Sainsbury's to turn food waste into biofuel

Company kicks off biofuel initiative in Scotland, vowing to stop sending all UK food waste to landfill by the summer

The green arms race between the UK's leading supermarkets continued this week as Sainsbury's followed the opening of Tesco's latest energy-efficient store with the unveiling of a major zero-waste initiative designed to ensure that all the company's food waste is converted into biofuel.

Speaking at a waste conference in Edinburgh yesterday, Sainsbury's environment manager, Alison Austin, said that the company was to fast track the scheme in Scotland and that from the end of next month it would stop sending any food waste from Scottish stores to landfill.

The waste, totalling 42 tonnes a week, will instead be sent to a biofuel refinery plant in Motherwell where it will be converted into fuel suitable for generating electricity.

"Each tonne of food waste diverted from landfill by Sainsbury's will generate enough power for 500 homes and will save three tonnes of CO2 compared with fossil fuels," said Austin, adding that the move marked the first step in a wider UK plan to stop using landfill for food waste by this summer and stop using landfill for all waste by the end of the year.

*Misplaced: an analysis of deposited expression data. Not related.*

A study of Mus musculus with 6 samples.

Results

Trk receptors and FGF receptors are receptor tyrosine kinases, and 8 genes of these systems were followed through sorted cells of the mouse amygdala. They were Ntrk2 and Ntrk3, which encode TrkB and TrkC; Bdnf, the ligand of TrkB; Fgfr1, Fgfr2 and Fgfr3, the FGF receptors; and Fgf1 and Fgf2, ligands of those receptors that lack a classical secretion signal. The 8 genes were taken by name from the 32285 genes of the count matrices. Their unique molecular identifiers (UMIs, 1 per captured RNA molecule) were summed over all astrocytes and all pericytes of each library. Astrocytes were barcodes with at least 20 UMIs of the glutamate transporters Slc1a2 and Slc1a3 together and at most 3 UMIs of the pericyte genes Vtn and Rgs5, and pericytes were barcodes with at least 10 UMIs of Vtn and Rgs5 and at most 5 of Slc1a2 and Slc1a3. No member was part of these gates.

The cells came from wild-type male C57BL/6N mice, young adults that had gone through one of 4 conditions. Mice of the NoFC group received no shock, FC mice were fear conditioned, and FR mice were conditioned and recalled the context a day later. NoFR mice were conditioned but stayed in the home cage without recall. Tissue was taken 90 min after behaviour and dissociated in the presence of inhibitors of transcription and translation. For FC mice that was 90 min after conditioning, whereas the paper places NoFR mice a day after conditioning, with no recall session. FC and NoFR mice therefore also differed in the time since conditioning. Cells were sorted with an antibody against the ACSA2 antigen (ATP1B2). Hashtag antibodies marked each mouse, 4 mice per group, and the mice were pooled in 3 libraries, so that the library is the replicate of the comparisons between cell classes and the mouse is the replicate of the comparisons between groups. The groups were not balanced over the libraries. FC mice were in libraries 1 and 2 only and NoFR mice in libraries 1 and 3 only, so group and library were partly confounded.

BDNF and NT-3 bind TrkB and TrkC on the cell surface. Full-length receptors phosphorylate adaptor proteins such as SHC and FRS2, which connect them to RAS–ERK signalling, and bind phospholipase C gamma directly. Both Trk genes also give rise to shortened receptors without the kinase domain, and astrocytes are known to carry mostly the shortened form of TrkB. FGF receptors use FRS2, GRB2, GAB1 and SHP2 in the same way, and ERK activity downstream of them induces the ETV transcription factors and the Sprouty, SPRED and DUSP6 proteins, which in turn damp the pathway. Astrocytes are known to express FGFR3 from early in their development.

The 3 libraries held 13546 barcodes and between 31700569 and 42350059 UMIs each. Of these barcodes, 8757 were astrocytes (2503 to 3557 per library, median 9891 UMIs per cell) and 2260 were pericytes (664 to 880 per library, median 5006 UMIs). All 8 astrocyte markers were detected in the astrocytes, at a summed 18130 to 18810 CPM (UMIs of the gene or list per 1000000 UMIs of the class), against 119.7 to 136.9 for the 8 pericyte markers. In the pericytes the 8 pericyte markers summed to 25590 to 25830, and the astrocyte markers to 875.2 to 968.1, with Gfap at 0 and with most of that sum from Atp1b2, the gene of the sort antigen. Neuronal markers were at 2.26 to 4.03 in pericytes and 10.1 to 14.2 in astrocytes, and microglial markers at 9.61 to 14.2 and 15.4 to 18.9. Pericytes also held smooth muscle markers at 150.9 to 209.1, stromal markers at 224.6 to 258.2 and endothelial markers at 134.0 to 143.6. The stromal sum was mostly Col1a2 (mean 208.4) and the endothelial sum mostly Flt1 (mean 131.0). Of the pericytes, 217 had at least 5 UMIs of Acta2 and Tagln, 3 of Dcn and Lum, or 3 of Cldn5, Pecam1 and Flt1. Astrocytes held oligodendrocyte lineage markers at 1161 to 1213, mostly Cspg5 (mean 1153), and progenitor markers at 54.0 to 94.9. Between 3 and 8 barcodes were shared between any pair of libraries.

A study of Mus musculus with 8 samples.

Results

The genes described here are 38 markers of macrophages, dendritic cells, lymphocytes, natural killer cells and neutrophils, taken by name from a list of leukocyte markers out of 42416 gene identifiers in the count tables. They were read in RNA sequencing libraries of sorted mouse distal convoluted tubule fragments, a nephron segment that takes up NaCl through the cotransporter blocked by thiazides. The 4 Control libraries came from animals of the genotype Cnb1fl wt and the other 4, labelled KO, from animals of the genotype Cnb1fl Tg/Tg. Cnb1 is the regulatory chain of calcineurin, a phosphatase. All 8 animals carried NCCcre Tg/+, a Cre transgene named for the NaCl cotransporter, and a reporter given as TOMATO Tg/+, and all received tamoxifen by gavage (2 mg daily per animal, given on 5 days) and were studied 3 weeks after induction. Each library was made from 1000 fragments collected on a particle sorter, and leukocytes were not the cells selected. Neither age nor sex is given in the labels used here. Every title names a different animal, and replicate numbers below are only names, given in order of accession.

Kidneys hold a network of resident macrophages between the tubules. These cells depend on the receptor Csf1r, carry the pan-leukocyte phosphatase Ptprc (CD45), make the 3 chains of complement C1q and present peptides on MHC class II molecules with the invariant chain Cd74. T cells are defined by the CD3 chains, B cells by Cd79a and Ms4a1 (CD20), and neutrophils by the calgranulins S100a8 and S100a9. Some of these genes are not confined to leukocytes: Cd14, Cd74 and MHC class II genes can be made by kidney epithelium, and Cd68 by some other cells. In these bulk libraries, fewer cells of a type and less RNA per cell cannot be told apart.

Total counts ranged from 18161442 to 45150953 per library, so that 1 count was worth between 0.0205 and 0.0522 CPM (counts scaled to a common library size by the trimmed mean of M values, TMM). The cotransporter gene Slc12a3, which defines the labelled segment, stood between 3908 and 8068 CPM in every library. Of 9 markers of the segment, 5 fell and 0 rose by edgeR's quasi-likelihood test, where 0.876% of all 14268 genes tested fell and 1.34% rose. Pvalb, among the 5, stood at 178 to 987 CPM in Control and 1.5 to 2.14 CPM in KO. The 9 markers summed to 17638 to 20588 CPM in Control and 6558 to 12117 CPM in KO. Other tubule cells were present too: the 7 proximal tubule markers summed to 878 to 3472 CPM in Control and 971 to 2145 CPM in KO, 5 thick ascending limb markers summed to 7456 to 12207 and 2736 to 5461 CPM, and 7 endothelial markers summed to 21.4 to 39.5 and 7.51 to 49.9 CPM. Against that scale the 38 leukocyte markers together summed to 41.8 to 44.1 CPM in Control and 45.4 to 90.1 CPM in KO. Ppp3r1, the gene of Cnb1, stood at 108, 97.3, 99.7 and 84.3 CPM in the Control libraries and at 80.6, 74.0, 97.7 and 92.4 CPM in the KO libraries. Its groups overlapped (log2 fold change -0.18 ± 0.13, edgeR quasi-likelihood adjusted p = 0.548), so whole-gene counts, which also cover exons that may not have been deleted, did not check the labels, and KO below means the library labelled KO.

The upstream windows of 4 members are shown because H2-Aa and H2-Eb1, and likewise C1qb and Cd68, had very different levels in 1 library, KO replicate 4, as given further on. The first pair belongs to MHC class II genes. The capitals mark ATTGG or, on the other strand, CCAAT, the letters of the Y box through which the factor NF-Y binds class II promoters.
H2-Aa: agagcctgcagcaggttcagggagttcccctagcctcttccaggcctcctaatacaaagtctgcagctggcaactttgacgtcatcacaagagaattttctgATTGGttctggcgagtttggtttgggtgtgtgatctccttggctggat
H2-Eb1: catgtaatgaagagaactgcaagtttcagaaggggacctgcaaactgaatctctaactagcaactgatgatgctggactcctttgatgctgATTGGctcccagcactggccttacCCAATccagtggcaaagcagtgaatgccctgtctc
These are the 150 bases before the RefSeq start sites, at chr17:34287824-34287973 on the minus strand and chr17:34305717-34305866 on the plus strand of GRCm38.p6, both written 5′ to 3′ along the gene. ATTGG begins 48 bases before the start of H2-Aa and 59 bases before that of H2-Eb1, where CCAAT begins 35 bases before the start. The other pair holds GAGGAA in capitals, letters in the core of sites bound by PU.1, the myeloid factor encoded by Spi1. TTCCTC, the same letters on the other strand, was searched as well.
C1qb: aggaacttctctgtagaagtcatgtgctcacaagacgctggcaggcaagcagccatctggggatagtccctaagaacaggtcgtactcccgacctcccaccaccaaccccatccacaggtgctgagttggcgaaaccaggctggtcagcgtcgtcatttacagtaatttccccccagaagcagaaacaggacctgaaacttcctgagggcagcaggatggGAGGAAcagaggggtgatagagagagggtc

A spokesman for the company said it was looking to send waste food from all its stores to anaerobic digestion facilities where possible, or alternatively use biofuel refineries in regions where anaerobic digestion technologies are not available.

Austin added that the project, which has been undertaken in partnership with biofuel specialist PDM Group, would also result in about 336 waste-collection lorries being taken off the road.

The announcement comes just days after Tesco also moved to underline its green credentials with the opening of a new eco store, boasting a carbon footprint 70 per cent lower than an equivalent-sized store built just two years ago.

The company said that a wide range of energy-efficiency measures, such as skylights, automated energy management systems and new refrigerator units, had served to cut the new store in Manchester's energy bills by 48 per cent. It added that the store would now provide a template for all future new stores as it seeks to cut carbon emissions and energy bills across its supermarkets.